Yellow honeyeaters (Lichenostomus flavus) (from 'Saved by science' series) 2004
- COOPER, Justine - Creator
- Accession No.
- Date Created
- Dimensions A
114.6 x 92.5cm
99.2 x 76.3cm (comp.)
A: 114,6 x 92,5 cm
B: (comp.) 99,2 x 76,3 cm
- Media Category
Digital colour print on Fuji Crystal Archive Matte paper
- Place Created
- Credit Line
Justine Cooper works at the intersection of art, science and medicine. Internationally recognised as an interdisciplinary artist, she originally specialised in photography but her work now extends across media including animation, video and installation, as well as medical imaging technologies such as MRI, DNA sequencing and Ultra sound.
In 2003-04 Cooper was artist-in-residence at the American Natural History Museum in New York, the first in its almost 150-year history. The 'Saved by science' project made there comprises a series of photographs and a DVD that explores the Museum's extensive scientific collections. For the photographs Cooper used a vintage large-format wooden camera dating from 1910, and recorded the Museum's storage areas as they were being modernised and rationalised. She explored from basement to attic, peering into drawers, corners and cupboards. Museum specimens are framed with the architecture of the collection storage areas and the imposing metal cabinets that enforce order on the multitudes of objects.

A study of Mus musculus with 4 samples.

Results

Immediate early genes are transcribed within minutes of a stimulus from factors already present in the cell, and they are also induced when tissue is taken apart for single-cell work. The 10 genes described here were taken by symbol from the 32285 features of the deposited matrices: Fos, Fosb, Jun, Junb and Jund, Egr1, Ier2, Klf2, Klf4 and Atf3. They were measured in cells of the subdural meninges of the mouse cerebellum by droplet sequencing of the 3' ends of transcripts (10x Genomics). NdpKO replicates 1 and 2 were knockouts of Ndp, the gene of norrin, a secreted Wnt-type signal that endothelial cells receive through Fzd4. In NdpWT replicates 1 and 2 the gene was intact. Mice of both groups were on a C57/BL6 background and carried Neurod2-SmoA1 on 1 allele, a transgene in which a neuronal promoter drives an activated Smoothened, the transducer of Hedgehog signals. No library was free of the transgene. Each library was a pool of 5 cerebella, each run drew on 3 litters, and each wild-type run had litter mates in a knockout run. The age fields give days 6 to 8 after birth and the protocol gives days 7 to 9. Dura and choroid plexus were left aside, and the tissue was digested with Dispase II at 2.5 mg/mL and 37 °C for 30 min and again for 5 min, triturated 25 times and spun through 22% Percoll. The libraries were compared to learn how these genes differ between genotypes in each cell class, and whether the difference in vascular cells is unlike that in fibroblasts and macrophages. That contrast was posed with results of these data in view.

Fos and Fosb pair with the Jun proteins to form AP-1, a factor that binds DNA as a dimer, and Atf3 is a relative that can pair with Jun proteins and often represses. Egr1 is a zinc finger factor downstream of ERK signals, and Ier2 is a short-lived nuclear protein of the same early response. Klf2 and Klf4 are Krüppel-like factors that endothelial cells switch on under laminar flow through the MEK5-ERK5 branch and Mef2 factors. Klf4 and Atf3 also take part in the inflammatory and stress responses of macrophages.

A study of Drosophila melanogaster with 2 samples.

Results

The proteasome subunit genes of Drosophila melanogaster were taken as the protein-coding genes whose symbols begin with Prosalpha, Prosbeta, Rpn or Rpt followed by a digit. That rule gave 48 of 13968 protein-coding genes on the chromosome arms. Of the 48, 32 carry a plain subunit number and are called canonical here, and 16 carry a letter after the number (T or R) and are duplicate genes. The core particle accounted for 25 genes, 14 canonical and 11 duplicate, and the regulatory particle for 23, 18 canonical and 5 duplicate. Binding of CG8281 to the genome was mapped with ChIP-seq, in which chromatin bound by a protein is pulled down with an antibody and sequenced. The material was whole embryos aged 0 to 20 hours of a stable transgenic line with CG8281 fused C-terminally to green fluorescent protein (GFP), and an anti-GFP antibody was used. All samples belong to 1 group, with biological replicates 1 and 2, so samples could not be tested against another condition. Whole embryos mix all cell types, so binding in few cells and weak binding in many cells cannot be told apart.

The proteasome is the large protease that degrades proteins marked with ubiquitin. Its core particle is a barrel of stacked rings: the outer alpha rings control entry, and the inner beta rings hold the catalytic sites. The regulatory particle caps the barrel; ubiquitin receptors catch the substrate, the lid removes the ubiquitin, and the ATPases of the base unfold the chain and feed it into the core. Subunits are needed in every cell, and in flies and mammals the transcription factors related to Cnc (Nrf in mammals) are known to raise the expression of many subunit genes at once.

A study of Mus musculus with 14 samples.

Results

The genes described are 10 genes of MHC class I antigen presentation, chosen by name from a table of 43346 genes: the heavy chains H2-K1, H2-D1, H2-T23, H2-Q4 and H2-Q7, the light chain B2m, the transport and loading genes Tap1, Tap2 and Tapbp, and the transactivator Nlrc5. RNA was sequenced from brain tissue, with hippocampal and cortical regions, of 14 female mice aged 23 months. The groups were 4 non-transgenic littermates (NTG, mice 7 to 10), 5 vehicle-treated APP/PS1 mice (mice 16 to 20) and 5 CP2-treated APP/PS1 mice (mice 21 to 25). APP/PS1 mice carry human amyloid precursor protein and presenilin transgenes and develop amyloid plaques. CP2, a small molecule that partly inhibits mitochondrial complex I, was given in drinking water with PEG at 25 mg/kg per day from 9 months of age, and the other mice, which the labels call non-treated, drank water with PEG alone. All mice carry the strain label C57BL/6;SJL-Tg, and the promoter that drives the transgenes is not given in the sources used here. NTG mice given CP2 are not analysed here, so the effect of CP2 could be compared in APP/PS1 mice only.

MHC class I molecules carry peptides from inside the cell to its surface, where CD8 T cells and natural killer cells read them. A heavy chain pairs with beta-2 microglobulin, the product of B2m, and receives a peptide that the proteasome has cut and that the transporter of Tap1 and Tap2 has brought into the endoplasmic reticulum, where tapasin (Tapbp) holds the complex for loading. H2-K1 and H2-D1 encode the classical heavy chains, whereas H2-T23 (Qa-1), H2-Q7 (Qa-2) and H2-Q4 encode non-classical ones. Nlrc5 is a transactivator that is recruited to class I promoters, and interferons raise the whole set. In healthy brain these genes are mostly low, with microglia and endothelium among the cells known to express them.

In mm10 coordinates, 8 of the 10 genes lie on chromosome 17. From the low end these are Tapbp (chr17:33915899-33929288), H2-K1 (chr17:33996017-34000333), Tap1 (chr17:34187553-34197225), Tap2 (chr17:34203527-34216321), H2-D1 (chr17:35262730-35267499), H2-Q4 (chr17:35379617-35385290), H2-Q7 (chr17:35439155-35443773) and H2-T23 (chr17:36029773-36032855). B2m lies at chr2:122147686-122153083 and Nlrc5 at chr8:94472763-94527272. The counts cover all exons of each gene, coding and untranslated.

'Saved by science' examines how the act of collecting from the natural world is pressed into service to reinforce scientific orders, and how objects collected also accrue cultural and historical value. The Department of Ornithology at the museum maintains one of the largest collections of bird specimens in the world, numbering nearly one million. The birds in Yellow honeyeaters (Lichenostomus flavus) 2004 from Australia, were collected in 1898 by British bird collector and naturalist Albert Stewart Meek. In their regimented lines, the preserved skins of the honeyeaters reflect the global reach of large scientific institutions.